Acton Institute Powerblog

ExTORTion


Karnick observes that abuse of the tort system is rampant, in part because “it has been perverted into a proxy for the criminal justice system: a means of punishing supposed wrongdoers through the use of a weaker standard of proof—preponderance of the evidence instead of proof beyond a reasonable doubt.”

Trial by Fury

Law professor Ronald J. Rychlak outlines the changes over time to America’s tort law system in his recent book, Trial by Fury: Restoring the Common Good in Tort Litigation. The weakened burdens of proof is one of the trends that Rychlak investigates, in addition to increases in damage awards, the recognition of new torts, and the growth of class action suits.

Rychlak argues for a recovery of the purpose of the tort system. He concludes in light of the changes in tort law, “Effective tort reform, therefore, must return the system to one based on fault and causation, that holds responsible those who caused the damage, makes the injured whole, and does not impose upon the innocent.”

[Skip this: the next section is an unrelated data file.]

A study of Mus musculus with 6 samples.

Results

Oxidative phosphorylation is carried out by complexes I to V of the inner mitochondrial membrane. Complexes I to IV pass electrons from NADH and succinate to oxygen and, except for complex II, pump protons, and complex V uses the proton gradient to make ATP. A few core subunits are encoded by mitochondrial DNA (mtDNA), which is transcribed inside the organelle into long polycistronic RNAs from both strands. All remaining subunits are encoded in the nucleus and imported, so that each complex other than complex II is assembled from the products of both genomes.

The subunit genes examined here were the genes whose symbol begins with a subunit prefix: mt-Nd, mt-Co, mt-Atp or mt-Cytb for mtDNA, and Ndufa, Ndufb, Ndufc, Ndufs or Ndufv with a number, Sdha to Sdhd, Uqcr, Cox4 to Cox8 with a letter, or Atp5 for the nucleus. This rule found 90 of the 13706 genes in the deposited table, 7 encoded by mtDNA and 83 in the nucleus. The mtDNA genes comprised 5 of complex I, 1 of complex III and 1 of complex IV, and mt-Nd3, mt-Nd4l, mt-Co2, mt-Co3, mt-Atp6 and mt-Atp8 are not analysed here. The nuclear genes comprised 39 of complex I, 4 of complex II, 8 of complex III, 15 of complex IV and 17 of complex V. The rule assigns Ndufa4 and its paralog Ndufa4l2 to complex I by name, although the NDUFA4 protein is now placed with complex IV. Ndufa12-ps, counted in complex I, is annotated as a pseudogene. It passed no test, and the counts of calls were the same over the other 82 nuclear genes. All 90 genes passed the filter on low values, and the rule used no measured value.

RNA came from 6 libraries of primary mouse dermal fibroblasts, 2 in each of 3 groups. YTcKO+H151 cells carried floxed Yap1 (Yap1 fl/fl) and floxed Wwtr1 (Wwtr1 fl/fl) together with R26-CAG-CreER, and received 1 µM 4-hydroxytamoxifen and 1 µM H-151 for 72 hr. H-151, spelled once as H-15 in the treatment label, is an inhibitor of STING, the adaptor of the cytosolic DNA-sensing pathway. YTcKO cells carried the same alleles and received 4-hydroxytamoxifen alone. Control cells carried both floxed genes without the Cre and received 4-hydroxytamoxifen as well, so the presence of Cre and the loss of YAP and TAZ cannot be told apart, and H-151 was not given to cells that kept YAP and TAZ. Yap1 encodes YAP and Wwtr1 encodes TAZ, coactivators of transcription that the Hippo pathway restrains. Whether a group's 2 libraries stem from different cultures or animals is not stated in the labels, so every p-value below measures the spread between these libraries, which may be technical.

Jordan J. Ballor Jordan J. Ballor (Dr. theol., University of Zurich; Ph.D., Calvin Theological Seminary) is a senior research fellow and director of publishing at the Acton Institute for the Study of Religion & Liberty. He is also a postdoctoral researcher in theology and economics at the VU University Amsterdam as part of the "What Good Markets Are Good For" project. He is author of Get Your Hands Dirty: Essays on Christian Social Thought (and Action) (Wipf & Stock, 2013), Covenant, Causality, and Law: A Study in the Theology of Wolfgang Musculus (Vandenhoeck & Ruprecht, 2012) and Ecumenical Babel: Confusing Economic Ideology and the Church's Social Witness (Christian's Library Press, 2010), as well as editor of numerous works, including Abraham Kuyper Collected Works in Public Theology. Jordan is also associate director of the Junius Institute for Digital Reformation Research at Calvin Theological Seminary.